James Walton

One of the best Covid dramas so far: BBC2’s Together reviewed

Plus: a powerful portrayal of the existential helplessness of prison from BBC1's Time

One of the best Covid dramas so far: BBC2's Together reviewed
James McAvoy and Sharon Horgan give brilliant, naturalistic performances in BBC2's Together. Image: BBC / Arty Films Ltd / Peter Mountain

Sharon Horgan and James McAvoy played an unnamed couple (always a bit annoying for a reviewer but I won’t let that affect my steely objectivity) who entered the first Covid lockdown convinced of the fact that they hated each other. ‘I actually think of him as a cancer,’ the woman told us. ‘One of the really bad ones.’ ‘The only thing keeping us together is little Artie,’ the man pointed out — although even their son’s name was a matter of bitter dispute, with her passionately preferring ‘Arthur’.

Of course, back in happier times ‘we have absolutely nothing in common’ was cheerfully glossed as ‘opposites attract’. Now, the contrast between his working-class entrepreneurship and her middle-class liberalism had become just one more way for them to stereotype each other. So how would they get on once they were banged up together for the duration? The answer is that, somewhat to their embarrassment, they began to remember some of the reasons for their former fondness.

Thursday’s drama duly traced this hesitant remembering as any well-made stage play would. Which is to say that it could occasionally be over-schematic but on the whole it kept our sympathies shifting efficiently from one partner to the other until they finally settled on both. Dennis Kelly’s darkly witty script also benefited hugely from Horgan and McEvoy’s brilliant, naturalistic performances, which covered up all but the creakiest of moments. (The man’s boastful account of humiliating a shop worker in the first week of lockdown may have been a handy signifier of non-liberalism, but it felt distinctly implausible coming from a fundamentally decent bloke.)

Like any well-made play too, Together used a very particular experience to illuminate wider social issues. In April 2020, the woman (see what I mean about unnamed characters being annoying?) was delighted that her sister had managed to persuade their old mum into a care home — adding with much relief, and even more dramatic irony, that ‘She’ll be safe in there’. A month later, she was called into hospital to make the permitted 15-minute farewell, in full protective equipment, before leaving her mother to die alone. This led in turn to a renewed reliance on her husband for emotional support, and to a straight author’s-message monologue laying out with chilling precision the process by which Covid patients were ‘dumped’ in care homes ‘like blankets laced with smallpox’.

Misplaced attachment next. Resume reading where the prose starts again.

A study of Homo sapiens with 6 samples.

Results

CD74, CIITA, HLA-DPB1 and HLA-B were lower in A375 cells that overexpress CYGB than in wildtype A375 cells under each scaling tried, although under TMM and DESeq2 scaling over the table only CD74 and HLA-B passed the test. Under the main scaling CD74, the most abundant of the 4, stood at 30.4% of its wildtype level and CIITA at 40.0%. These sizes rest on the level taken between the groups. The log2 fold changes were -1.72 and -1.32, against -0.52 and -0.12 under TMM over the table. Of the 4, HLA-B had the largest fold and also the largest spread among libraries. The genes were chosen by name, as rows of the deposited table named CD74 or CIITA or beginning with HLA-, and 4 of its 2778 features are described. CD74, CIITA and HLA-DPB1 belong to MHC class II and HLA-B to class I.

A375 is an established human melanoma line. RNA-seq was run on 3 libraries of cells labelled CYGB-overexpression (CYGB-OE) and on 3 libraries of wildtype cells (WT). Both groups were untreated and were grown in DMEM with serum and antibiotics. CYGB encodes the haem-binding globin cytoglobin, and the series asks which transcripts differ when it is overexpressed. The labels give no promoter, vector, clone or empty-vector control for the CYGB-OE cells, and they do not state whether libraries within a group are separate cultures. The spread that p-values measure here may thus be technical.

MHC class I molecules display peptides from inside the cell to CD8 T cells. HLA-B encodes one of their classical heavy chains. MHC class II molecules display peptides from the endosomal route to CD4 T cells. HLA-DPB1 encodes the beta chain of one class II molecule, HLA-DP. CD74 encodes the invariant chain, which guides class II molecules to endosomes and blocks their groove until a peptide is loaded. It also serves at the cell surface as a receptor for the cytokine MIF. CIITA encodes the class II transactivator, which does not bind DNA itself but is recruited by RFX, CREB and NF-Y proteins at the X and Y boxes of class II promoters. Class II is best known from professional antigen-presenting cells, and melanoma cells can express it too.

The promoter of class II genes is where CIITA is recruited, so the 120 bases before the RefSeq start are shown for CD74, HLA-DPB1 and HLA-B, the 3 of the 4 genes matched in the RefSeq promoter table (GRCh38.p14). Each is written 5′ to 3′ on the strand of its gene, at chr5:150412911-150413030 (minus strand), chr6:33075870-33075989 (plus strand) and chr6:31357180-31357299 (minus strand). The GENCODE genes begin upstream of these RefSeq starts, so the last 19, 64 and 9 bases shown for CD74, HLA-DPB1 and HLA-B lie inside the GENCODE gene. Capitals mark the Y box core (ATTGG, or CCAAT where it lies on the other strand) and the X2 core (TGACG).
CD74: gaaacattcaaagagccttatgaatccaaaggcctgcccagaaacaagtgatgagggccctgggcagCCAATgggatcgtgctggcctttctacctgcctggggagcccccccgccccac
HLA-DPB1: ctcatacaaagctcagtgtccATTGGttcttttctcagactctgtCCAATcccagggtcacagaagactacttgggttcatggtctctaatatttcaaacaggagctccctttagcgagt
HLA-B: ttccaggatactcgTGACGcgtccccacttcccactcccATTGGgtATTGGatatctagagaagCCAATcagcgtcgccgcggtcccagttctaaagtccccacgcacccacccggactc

Where the author seemed understandably less certain is on what will happen next. Will we really have lasting respect for the unexpectedly important people (such as that humiliated shop worker) who kept us all going? Or will we only know we’re back to normal when we don’t notice them any more?

By the time we find out, Covid will presumably have featured in plenty more TV dramas, not least the one recently announced by Sky with Kenneth Branagh as Boris Johnson. Meanwhile, Together ultimately proved well made enough to take its place alongside Staged as one of the best so far.

Sunday brought us the second part of Jimmy McGovern’s Time on BBC1. For my money, McGovern can sometimes wear his big old Scouse heart a little too bleedingly on his sleeve. Here, however, he’s pretty much at his best: packing genuine emotional punch, but with the points he wants to make seeming to emerge from the characters and plot instead of being imposed upon them.

It doesn’t harm the programme’s impact, either, that it so unsparingly depicts an archetypal nightmare in which a middle-class person — in this case, ex-teacher Mark played by Sean Bean — ends up in prison where he’s completely unsuited for the violence closing in on him. (And, needless to say, if he grasses on the bullies that violence will only grow more imaginative.) Mark’s apparent lack of moral choice is also reflected in the plight of the warder Eric who’s being forced by a group of particularly scary prisoners to smuggle in drugs or his son in another jail will be badly beaten up.

Time doesn’t leave us in much doubt about the shortcomings of the prison system: the understaffing, the prevalence of self-harm, the scores of inmates who should be in mental hospitals. Now and again, it even throws in some much-needed moments of human tenderness, mostly from the lovely prison chaplain (Siobhan Finneran). Nonetheless, the main source of the programme’s considerable power remains its portrayal of terrifying existential helplessness.